What Your Support Can Help Us Build 


As many of our traditions and beliefs hold, there is a time and a season for everything. The need and opportunity for bridging deep divides has never been more clear. At IFYC, we believe that it is a time to build.  Over the past 20 years and today, IFYC prioritizes the deep interfaith relationship-building that transforms individuals, communities, and possibly, a nation. In this time to build we will redouble our efforts to work towards a ‘potluck nation’ where people of all religious backgrounds have a seat at the table and feast together. 

As we continue to work with young people and educators on campus, employees in corporations, and civic leaders across the nation to make interfaith cooperation the norm in our society, we invite you to join us. Explore more about what your gift can help us build

$1000

Enables an alum to build on their interfaith skills into action and carry out bridge building community projects and racial equity work.

$2000

Helps fund our Racial Equity Media Fellows who are activists, artists, and thought leaders engaging racial equity work within higher education and American public life.

$5000

Contributes to the development of new multimedia curriculum designed to equip young people to build on their interfaith literacy skills and to engage in acts of interfaith cooperation, anti-racism, and service with their communities.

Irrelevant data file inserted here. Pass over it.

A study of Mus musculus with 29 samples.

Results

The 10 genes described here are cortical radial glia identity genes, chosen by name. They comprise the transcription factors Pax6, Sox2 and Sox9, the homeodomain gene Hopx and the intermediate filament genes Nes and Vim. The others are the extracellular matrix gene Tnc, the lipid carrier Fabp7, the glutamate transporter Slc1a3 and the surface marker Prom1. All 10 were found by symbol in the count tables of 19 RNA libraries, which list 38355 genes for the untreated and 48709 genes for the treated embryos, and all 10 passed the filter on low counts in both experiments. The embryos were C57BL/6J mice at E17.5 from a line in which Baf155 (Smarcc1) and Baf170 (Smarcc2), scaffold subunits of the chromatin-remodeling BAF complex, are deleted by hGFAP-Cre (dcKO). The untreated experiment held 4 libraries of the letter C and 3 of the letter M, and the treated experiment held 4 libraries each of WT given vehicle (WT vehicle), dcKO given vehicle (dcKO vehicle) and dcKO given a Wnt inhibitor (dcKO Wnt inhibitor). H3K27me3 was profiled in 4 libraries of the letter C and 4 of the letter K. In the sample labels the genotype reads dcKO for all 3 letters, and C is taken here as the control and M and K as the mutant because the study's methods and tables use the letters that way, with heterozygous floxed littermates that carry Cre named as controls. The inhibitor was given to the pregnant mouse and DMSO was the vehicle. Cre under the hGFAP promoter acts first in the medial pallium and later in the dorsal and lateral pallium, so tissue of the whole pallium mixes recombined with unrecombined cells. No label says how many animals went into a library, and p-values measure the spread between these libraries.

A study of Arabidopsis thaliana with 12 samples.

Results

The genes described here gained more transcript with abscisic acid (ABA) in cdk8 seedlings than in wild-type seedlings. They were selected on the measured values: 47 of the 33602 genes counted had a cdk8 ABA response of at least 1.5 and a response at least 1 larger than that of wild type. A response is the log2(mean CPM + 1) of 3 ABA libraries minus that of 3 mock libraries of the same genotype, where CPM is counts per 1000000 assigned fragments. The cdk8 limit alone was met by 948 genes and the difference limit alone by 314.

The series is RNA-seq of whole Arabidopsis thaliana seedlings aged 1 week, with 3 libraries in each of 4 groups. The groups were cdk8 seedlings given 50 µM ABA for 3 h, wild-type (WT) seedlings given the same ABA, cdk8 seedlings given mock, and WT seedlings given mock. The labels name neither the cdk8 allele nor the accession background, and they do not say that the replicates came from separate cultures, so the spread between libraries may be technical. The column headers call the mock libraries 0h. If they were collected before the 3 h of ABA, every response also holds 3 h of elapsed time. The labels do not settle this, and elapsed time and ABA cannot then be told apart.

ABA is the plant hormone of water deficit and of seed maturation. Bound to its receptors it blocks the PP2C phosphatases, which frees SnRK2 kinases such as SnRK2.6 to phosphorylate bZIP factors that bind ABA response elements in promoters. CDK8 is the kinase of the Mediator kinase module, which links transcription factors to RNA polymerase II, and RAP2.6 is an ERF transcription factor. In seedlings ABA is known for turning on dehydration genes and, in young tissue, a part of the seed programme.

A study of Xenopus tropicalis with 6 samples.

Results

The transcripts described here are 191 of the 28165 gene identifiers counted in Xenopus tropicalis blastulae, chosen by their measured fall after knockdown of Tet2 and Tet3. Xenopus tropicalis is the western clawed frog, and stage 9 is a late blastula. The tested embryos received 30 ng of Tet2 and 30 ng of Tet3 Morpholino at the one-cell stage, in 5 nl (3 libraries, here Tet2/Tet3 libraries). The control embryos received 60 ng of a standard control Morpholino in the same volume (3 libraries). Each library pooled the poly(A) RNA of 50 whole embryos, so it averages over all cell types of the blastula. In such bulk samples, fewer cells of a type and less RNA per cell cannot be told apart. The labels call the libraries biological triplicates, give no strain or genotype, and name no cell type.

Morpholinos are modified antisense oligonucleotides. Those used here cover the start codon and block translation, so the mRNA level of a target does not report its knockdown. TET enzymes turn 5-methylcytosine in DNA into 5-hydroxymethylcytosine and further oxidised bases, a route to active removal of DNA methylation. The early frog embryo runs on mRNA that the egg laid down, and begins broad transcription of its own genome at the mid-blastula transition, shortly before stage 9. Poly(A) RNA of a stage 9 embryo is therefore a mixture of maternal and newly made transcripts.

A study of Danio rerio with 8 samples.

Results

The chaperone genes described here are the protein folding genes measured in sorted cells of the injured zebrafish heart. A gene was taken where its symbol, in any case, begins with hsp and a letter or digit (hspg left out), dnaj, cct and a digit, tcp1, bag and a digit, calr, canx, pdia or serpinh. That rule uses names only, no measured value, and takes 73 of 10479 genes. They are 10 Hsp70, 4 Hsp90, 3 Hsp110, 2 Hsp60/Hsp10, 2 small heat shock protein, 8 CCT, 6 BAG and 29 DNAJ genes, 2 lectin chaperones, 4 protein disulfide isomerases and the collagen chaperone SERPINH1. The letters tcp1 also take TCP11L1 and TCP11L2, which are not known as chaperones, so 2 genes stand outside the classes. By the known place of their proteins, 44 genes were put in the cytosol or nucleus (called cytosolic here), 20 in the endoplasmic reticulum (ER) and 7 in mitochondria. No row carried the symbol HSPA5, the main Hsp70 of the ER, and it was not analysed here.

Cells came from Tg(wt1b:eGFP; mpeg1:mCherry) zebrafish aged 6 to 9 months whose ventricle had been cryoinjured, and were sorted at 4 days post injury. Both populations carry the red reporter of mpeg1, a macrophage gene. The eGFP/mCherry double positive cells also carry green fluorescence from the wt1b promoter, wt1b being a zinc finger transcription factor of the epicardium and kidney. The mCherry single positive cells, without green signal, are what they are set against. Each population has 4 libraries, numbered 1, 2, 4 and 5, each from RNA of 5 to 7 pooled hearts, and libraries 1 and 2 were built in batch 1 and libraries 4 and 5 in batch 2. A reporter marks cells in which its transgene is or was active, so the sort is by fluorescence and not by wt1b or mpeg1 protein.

I noticed this year the Christian holiday Easter or Resurrection Sunday fell on the same day Martin Luther King was assassinated on April 4th. What people outside of the black community don’t realize is when an innocent life is lost it connects us...
Collaboration between religious officials and health care professionals — from both nonprofit and for-profit companies — has aided efforts to increase access to vaccinations.
As various communities consider the efficacy of COVID-19 vaccines and navigate the physiological and psychological toll of the virus, town halls can be a space wherein community members can be presented with resources and accurate information.
A new survey conducted by the Public Religion Research Institute (PRRI) and Interfaith Youth Core (IFYC) found that faith-based approaches can move many vaccine-hesitant communities toward acceptance.
While the motive for last week’s rampage remains under investigation, leaders and members of the Sikh community say they feel a collective trauma and believe more must be done to combat the bigotry, bias and violence they have suffered for decades.
"While we are delighted by the jury’s verdict, we are mindful that there’s still a lot of work ahead of us. Our criminal justice system remains deeply flawed." - Bishop T.D. Jakes, author and Dallas megachurch pastor
Anna, Racial Equity Media Fellow and Dean's Fellow at Harvard Divinity School (HDS), interviews Charlotte Zelle, a 3rd-year M.Div candidate at HDS, about how faith leaders can both prevent and respond to issues of intimate partner violence.